Published Jul 2nd, 2014 1:05PM EDT


The first and most obvious step you should take is password locking your phone and encrypting its contents. This happens automatically on iPhones after you set a password but on Android phones you’ll have to enable it manually by going to your settings and clicking on the “Phone storage encryption” option. Fowler also recommends that you use encrypted chat and calling apps such as Apple’s FaceTime or third-party apps such as Wickr, TextSecure, BBM and so forth.

Now that your phone is protected by encryption, Fowler recommends that you take some additional steps to ensure your privacy such as making sure you’re running the latest software on your device, using VPNs while connected to unsecured hotspots and getting a second phone that you use only for “super-sensitive” work. This could be where something like the Blackphone or a BlackBerry comes in handy if you’re working in an industry where data security is a No. 1 priority, such as financial services.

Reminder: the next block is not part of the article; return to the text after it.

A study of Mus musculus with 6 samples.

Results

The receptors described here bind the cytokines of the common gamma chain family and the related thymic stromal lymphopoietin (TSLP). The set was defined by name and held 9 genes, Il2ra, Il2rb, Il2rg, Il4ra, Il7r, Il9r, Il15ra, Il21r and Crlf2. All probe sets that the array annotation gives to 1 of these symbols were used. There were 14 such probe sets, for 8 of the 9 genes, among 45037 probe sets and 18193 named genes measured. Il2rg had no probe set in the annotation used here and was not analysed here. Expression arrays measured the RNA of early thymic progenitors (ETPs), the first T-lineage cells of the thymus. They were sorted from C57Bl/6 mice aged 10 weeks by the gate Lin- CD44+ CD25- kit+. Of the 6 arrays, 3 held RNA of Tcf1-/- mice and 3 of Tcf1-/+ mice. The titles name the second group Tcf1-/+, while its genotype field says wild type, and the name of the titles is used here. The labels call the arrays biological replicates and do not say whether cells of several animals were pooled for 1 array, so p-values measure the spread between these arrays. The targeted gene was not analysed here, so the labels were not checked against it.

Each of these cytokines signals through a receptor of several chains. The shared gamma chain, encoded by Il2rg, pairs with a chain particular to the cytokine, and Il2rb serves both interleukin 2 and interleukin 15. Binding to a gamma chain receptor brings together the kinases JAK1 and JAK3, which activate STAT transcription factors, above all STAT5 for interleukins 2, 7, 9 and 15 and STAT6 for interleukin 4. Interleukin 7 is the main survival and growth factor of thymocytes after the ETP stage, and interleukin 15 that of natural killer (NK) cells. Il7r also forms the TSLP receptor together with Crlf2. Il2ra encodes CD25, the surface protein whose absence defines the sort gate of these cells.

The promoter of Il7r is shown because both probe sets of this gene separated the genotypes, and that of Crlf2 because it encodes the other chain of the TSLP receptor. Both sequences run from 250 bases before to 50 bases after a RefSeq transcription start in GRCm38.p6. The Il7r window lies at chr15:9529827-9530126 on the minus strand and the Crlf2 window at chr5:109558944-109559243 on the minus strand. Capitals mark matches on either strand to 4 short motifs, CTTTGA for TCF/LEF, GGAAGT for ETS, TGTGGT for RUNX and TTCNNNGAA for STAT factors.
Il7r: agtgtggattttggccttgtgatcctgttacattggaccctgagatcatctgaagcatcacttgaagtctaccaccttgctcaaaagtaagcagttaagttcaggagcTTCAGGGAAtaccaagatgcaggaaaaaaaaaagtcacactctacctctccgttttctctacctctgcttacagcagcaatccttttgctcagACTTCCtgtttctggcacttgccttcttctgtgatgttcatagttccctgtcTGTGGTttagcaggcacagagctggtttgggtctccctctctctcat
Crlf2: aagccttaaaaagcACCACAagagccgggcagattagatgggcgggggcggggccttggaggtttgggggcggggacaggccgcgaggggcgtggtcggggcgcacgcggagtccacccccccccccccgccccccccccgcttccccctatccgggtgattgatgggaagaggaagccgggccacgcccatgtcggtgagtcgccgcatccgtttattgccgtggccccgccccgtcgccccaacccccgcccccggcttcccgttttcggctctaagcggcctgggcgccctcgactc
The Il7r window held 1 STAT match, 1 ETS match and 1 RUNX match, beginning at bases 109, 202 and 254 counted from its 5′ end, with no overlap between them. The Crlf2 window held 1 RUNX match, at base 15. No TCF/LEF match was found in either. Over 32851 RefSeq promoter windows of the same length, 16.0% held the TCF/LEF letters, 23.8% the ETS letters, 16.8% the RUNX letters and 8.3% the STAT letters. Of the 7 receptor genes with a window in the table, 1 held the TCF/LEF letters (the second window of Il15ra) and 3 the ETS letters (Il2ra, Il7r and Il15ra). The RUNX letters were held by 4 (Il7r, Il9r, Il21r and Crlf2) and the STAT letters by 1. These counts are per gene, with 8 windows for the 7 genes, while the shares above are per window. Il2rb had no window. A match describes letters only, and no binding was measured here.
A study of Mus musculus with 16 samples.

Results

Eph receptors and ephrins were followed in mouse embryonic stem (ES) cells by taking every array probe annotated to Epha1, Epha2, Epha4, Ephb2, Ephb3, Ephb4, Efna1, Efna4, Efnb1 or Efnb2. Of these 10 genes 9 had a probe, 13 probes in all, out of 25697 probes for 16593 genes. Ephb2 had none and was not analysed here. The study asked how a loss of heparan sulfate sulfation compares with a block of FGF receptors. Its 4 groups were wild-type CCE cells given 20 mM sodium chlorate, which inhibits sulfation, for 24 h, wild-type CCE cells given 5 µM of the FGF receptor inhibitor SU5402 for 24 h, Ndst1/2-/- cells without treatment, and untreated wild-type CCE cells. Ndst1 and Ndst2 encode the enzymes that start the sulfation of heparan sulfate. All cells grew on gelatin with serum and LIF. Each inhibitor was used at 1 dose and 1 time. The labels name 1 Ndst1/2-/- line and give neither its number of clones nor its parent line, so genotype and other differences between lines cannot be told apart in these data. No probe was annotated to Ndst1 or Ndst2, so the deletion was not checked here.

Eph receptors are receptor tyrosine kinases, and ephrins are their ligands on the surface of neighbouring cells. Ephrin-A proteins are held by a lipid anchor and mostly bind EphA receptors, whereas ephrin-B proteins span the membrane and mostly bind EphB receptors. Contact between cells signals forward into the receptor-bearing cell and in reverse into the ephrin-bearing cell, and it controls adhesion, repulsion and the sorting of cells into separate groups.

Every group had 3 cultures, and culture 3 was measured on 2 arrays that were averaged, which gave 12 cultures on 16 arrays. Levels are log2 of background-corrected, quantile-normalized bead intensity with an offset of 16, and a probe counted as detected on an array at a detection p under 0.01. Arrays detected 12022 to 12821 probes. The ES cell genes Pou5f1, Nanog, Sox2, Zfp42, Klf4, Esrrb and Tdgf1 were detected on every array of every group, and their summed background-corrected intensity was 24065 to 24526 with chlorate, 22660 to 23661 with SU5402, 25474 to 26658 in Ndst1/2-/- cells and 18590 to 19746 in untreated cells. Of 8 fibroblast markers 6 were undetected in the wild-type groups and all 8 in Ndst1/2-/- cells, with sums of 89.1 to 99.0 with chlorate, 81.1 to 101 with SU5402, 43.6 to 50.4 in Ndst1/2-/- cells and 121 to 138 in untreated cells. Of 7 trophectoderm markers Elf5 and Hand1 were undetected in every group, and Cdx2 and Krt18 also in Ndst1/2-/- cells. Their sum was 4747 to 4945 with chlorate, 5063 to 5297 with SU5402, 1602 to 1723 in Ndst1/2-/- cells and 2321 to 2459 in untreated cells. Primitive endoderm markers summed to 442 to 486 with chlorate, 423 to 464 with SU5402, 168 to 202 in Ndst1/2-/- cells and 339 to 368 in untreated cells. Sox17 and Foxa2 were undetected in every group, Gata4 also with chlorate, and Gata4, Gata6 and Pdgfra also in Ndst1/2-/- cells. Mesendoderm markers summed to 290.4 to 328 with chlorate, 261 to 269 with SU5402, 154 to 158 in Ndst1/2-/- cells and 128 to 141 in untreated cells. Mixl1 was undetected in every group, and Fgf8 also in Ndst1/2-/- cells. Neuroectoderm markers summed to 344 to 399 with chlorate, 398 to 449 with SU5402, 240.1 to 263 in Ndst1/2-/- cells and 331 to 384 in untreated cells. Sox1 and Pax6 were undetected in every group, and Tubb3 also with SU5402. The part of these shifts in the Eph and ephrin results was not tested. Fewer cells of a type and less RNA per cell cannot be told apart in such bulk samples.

A lot of these tips are pretty commonsense but they’re also a good place to start for anyone who’s just gotten a new smartphone and is wondering how to ensure some level of security on it.

Fowler’s full list, along with an interview with Blackphone co-creator Sient Circle’s CTO Jon Callas, can be found by clicking the source link below.

Brad Reed
Brad Reed Staff Writer

Brad Reed has written about technology for over eight years at and Network World. Prior to that, he wrote freelance stories for political publications such as AlterNet and the American Prospect. He has a Master's Degree in Business and Economics Journalism from Boston University.